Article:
The polar vortex just split in two…
And this split will have far-reaching consequences for weather patterns from Canada to Eurasia. Since the polar vortex tends to be associated with some of the coldest air during the winter, the temporary separation means that ultra cold air is on the move. The latest split is likely to put Western Europe and much of Eurasia into the deep freeze for the rest of February, and will offer glimpses of hope for snow lovers along the U.S. East Coast.
One piece of the vortex is sliding southwest, out of the Arctic and into western Canada and the Pacific Northwest, where frigid conditions and above average snowfall is favored for the next few weeks. Another is spinning out of the Arctic and over Eurasia.
Caught in between is the Arctic Ocean, which should have some of the coldest air of any region in the Northern Hemisphere right now, but instead has seen yet another unusually mild winter. The polar vortex’s split means that the ultra-cold air is being siphoned away from the Arctic, leaving unusually mild conditions in its wake.
Most computer models appear to agree that in the near-term, colder and stormier conditions than average are likely for Western Europe and much of Eurasia during the rest of February into early March. During that same period, the Eastern U.S. will experience something of a spring thaw, with temperatures as much as 20 to 25 degrees Fahrenheit above average for this time of year.
Highs in the 70s Fahrenheit are possible during the closing days of February in Washington, D.C. and New York City, areas that saw record cold at the start of the winter. Ski areas in the western part of the country, particularly in the Northern Rockies, could see heavy snowfall and ideal snowmaking conditions during the next two weeks.
Don’t be surprised if Arctic sea ice sets yet another record low for the winter season.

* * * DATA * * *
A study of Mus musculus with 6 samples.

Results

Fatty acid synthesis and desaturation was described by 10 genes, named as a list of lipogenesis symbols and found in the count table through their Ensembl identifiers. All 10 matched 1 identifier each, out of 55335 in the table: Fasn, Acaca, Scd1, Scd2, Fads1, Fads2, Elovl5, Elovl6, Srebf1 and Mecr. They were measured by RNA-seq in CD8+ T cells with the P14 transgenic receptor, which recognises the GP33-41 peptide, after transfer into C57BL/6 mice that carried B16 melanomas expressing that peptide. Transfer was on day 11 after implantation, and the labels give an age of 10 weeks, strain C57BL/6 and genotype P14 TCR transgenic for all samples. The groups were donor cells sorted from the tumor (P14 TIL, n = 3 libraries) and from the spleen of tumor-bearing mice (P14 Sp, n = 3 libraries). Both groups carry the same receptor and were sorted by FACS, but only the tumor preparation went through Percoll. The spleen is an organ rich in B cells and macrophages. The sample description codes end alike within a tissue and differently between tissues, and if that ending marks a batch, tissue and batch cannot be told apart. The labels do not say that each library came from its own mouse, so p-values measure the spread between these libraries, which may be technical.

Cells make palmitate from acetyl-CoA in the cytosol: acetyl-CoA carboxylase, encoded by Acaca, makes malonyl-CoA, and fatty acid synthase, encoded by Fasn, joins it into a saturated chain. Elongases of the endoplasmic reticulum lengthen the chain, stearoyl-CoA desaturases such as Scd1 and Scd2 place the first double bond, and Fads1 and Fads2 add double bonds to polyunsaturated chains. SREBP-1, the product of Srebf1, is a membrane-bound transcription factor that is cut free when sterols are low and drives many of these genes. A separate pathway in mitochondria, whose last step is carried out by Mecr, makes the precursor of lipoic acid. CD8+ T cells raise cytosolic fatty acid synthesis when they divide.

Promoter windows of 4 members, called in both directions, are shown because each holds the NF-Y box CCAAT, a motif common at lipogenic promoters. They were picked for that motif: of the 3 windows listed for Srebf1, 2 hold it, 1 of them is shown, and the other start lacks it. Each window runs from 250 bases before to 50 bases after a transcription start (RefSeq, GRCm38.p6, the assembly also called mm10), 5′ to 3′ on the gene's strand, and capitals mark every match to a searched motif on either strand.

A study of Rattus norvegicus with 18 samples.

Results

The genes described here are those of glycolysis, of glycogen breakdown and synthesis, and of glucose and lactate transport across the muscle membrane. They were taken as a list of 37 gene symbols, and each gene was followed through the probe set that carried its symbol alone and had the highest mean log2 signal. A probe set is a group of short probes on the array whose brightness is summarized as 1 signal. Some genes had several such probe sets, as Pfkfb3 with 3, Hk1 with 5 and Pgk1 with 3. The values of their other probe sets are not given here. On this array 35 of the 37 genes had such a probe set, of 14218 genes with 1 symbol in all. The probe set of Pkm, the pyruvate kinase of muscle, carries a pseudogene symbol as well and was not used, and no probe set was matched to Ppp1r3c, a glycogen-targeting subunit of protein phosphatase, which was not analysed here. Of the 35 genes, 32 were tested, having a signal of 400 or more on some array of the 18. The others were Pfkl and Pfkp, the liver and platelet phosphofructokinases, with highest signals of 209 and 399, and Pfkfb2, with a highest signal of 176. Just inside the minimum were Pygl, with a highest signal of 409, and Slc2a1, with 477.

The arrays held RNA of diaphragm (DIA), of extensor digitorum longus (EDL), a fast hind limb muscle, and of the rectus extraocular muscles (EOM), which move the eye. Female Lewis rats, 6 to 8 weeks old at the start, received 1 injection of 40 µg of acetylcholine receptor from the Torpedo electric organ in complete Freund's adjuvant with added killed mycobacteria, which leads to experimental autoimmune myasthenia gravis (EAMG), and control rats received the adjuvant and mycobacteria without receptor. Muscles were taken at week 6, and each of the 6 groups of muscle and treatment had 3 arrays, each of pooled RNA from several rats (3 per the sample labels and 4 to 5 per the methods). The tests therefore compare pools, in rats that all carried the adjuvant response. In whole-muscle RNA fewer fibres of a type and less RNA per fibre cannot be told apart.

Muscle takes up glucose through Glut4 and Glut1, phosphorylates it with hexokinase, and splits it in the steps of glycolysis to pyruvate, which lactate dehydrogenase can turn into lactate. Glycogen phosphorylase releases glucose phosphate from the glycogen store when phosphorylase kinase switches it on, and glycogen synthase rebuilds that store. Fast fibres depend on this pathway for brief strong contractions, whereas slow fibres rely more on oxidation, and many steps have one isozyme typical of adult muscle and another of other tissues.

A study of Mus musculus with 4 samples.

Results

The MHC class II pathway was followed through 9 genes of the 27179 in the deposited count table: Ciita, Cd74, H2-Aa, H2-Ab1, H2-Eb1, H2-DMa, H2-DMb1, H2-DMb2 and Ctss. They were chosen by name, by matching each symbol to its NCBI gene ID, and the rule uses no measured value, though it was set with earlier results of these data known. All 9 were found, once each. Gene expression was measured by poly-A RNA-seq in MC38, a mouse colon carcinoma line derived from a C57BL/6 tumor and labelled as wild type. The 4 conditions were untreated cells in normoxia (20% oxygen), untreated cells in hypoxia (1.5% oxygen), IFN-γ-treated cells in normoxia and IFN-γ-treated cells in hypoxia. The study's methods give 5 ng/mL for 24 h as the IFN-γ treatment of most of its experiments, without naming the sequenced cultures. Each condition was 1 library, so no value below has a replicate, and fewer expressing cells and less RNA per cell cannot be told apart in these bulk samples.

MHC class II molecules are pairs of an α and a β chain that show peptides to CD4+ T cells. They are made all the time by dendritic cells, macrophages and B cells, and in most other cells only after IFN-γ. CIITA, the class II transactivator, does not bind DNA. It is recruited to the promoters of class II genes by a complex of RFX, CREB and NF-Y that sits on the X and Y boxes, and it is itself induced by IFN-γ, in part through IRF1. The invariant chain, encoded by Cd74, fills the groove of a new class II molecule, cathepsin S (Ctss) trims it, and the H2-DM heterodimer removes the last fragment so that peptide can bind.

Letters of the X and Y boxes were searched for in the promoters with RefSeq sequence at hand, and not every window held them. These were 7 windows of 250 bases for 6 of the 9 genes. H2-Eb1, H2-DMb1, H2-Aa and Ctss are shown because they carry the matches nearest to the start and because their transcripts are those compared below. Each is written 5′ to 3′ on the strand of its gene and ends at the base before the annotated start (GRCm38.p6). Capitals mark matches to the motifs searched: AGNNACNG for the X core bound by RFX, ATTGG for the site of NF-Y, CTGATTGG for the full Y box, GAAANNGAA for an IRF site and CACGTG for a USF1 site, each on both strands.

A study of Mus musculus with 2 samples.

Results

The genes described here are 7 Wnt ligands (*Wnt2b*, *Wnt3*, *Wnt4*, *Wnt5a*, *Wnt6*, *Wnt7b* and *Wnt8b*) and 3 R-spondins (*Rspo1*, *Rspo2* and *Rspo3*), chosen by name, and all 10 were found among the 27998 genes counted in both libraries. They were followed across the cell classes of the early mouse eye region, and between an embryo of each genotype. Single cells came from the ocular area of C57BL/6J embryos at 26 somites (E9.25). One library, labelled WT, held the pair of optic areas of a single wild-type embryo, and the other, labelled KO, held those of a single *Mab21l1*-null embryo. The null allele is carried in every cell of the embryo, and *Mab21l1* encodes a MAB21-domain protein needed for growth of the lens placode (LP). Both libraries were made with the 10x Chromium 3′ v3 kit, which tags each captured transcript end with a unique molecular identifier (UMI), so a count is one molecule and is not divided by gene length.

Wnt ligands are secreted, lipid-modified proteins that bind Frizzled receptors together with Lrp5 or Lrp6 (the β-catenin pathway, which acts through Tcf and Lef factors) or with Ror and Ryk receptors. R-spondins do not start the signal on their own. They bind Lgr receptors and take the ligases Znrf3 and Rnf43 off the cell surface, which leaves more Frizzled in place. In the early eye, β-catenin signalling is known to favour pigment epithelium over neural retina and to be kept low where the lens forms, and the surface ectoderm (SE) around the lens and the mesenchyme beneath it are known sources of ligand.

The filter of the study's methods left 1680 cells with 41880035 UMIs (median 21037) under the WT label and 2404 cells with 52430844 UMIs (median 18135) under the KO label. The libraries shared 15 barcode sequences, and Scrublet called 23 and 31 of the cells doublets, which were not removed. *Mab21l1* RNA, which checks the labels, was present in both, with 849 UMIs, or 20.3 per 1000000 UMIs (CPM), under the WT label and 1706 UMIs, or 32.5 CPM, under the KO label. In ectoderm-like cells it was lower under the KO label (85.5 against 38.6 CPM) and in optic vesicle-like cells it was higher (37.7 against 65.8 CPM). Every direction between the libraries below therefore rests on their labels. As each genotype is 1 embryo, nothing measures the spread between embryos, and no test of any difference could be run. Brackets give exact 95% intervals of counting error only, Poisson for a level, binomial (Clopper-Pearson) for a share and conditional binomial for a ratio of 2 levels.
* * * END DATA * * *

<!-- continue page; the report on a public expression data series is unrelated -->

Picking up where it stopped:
This split occurred in the stratosphere
The main polar vortex exists in the stratosphere, which is the layer of air above where most of our weather occurs. A sudden warming of the stratosphere over the Arctic, appropriately known as a “sudden stratospheric warming event,” took place in early-to-mid February, and this has caused the splitting of the stratospheric polar vortex.
Sudden stratospheric warming events occur when large atmospheric waves send energy upward, into the stratosphere, setting in motion a complex process that results in the temporary breakdown of the polar vortex. This February’s stratospheric warming event was particularly extreme, possibly setting records for how sharply temperatures spiked in the upper atmosphere.
The polar vortex split isn’t the only factor favoring a cold snap in Europe, warmup in the Eastern U.S., and cool down in the West. There’s also a cycle of atmospheric pressure over the North Atlantic Ocean, known as the North Atlantic Oscillation (NAO), that can increase the odds of colder and snowier weather in some of these areas.
Computer models are projecting the NAO will become strongly negative during the next few weeks in response to the polar vortex split and stratospheric warming event, and this also favors cold and snow in Western Europe. (It also ups the odds of similar weather in the eastern U.S., but that may not happen right away.)
“A significant PV [polar vortex] disruption is often followed by widespread cold temperatures across northern Eurasia and the Eastern US. However the cold is more certain across northern Eurasia following these type of PV disruptions,” meteorologist Judah Cohen, who specializes in seasonal weather forecasting and tracking the polar vortex for AER, a Verisk Analytics company, wrote on his blog.
The negative mode of the NAO typically features an area of strong high pressure over Greenland, which blocks the progression of weather systems moving in from the southwest, and causes the jet stream to plunge southward over Europe, allowing cold air to flow in from the Arctic and Scandinavia. Sudden stratospheric warming events tend to cause the NAO to switch into negative mode shortly after they occur.